How Will The Golden Globe And Critics Choice Nominations Shape The Oscar Race?

The Golden Globe and Critics Choice Award nominations both have both been announced. Both are major precursors to the Academy Awards, so let's analyze how they've shaped the race.

Which films are the strongest?

Rather unusually, a whopping nine films from the Globes and Critics Choice picture lineups overlapped. Those were Belfast, The Power of the Dog, West Side Story, King Richard, Licorice Pizza, CODA, Tick, tick… Boom!, Dune, and Don’t Look Up. That puts all nine films on a pretty solid track to Best Picture nominations at the Oscars, especially with a guaranteed 10 this year.

As for the win, the films in the strongest position are likely Belfast and The Power of the Dog. These were the only two to receive both Director and Screenplay nominations at the Golden Globes, a feat which applies to every Best Picture Oscar winner since 2006. Both lead the Golden Globe nominations with 7 each and scored double-digit nominations at the Critics Choice Awards. Though we may also want to watch out for late breakers West Side Story and Licorice Pizza.

About a month ago, CODA and Tick, tick… Boom! felt pretty iffy as awards contenders. But Monday morning they were both solidified as strong possibilities. Especially CODA, with its surprise Drama nomination at the Globes, something previous Sundance winners Whiplash, Minari, and Beasts of the Southern Wild couldn’t pull off. Troy Kotsur’s nomination at the Globes also really solidified the breakout actor as a potential Oscar nominee, if not a frontrunner. 

Menawhile, Tick, tick… Boom! coupled its Picture nomination with just a lead actor nomination at both groups. That's a bit of a weak package, lacking nominations for screenplay, editing, and Robin de Jesús's wonderful supporting role. The film could be looking at a The Blind Side / The Post nomination haul, with just lead actor and picture. Though I suspect the guilds may show the film some love and it could perform even better on Oscar morning. 

Which films took a hit?

Though Aaron Sorkin secured a screenplay nomination at both bodies, Being the Ricardos was absent from both Best Picture lineups. Voters seem to recognize that the film isn't quite Sorkin's best, which means it may only be contending for acting awards and screenplay, similar to 2015's Steve Jobs. Spencer underperformed with both groups. Jonny Greenwood's score was absent from the Golden Globes lineup, as were seemingly no-brainer nominations for Costume Design and Cinematography at the Critics Choice. Its two nominations there put it fair behind the six nominations Larraín’s Jackie scored with the Critics Choice in 2016. The film’s Best Picture chances are, sadly, on life support. Though she's still secure for the nomination Stewart's chances of winning look a little slimmer. Finally, C’mon C’mon failed to secure any major nominations at both groups, crushing my hopes that it could be a big player.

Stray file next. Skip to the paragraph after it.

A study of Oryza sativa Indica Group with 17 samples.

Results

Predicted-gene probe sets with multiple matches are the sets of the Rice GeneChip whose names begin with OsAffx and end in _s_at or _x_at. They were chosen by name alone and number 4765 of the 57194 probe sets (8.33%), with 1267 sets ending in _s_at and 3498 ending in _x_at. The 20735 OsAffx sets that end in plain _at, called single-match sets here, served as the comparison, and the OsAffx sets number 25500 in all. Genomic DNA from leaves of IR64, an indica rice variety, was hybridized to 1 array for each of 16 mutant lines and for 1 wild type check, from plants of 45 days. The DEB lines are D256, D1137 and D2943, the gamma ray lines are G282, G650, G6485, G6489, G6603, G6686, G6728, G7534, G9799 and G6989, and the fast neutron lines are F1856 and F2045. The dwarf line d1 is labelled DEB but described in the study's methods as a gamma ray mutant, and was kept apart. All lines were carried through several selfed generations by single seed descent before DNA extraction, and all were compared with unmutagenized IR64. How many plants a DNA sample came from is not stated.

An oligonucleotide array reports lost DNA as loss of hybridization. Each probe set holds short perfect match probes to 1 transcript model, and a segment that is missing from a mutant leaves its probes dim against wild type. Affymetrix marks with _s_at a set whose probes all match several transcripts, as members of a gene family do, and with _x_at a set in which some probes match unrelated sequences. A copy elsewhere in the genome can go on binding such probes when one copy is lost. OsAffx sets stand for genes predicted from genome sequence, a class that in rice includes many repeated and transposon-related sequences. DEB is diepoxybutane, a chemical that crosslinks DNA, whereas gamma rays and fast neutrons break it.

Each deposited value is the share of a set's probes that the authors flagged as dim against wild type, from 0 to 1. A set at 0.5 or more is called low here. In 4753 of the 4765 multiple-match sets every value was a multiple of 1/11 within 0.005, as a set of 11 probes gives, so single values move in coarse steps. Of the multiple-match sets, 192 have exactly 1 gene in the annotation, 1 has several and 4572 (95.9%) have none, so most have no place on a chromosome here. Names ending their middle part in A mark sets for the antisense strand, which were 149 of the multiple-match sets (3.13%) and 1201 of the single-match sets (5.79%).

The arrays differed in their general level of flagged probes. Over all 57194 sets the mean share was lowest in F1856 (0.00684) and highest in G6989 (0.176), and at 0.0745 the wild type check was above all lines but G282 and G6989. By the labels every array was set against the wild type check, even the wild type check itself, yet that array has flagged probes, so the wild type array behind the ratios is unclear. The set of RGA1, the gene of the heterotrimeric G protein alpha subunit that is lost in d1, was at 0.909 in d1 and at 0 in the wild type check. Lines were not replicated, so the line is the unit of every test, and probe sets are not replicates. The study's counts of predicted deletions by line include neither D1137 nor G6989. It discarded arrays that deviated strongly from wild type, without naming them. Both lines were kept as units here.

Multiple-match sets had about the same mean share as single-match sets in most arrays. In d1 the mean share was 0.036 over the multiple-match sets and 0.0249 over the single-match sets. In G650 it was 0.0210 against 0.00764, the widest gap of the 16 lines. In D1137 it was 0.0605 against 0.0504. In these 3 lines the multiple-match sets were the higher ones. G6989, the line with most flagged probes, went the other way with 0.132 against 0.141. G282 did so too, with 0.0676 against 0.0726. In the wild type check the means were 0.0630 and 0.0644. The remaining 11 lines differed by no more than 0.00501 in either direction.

I was dismayed that Titane wasn’t nominated in the non-English language category by both groups, and shocked that the Globes would leave out The Worst Person in the World. Equally baffling was their omission of The Mitchells vs. The Machines in Animated Feature. I expect Worst Person and Mitchells will make the cut at the Oscars, but Titane appears to have weirded out too many voters.

In or Out?

Nightmare Alley’s looked hopeless after failing to secure a single nomination at the Golden Globes, only to go on and score 8 nominations at the Critics Choice Awards, including in Picture and Director. It may be following the footsteps of First Man or Da 5 Bloods, films which were embraced by Critics Choice but mostly ignored by the Academy. Adam McKay’s Don’t Look Up overcame its mixed reception with Picture and Screenplay nominations at both groups. But unlike McKay’s Vice and The Big Short, the film didn’t pick up any acting or directing nominations at the Critics Choice, putting it in a slightly weaker position than his previous two films.

Acting Categories

There was a lot of overlap between the Critics Choice and Golden Globe nominations, especially in the acting categories. In fact, 6 Best Actress nominees, 5 Best Actor nominees, and 4 Supporting nominees in each category were nominated at both organizations. Take a look at those overlaps and you'll likely find the vast majority of eventual Oscar nominees: 

Best Actress: Jessica Chastain - The Eyes of Tammy Faye, Kristen Stewart - Spencer, Lady Gaga - House of Gucci, Olivia Colman - The Lost Daughter, Nicole Kidman - Being the Ricardos, Alana Haim - Licorice Pizza

Best Actor: Will Smith - King Richard, Benedict Cumberbatch - The Power of the Dog, Andrew Garfield - Tick, Tick… Boom!, Denzel Washington - The Tragedy of MacBeth, Peter Dinklage - Cyrano

Supporting Actress: Caitriona Balfe - Belfast, Ariana DeBose - West Side Story, Aunjanue Ellis - King Richard, Kirsten Dunst - The Power of the Dog

Supporting Actor: Troy Kotsur - CODA, Ciarán Hinds - Belfast, Kodi Smitt McPhee - The Power of the Dog, Jamie Dornan - Belfast

As for those who were only nominated by one group, like Nicolas Cage (Pig), Ruth Negga (Passing), Jared Leto (House of Gucci), and Ann Dowd (Mass), we’ll be biting our nails to see if they can show on Oscar morning. It's very difficult for actors to get an Oscar nomination without either of these two precursors. So those of you rooting for Jennifer Hudson, Robin de Jesús, Mike Faist, or Marlee Matlin should keep your expectations low. 

It’s easy to think that the race looks all but wrapped up, but with 6 weeks until Oscar nominations, there’s a long way to go. I hope things shake up a little because it’s no fun when things feel too comfortable. Check back here on CinemaBlend for more awards analysis in the coming weeks.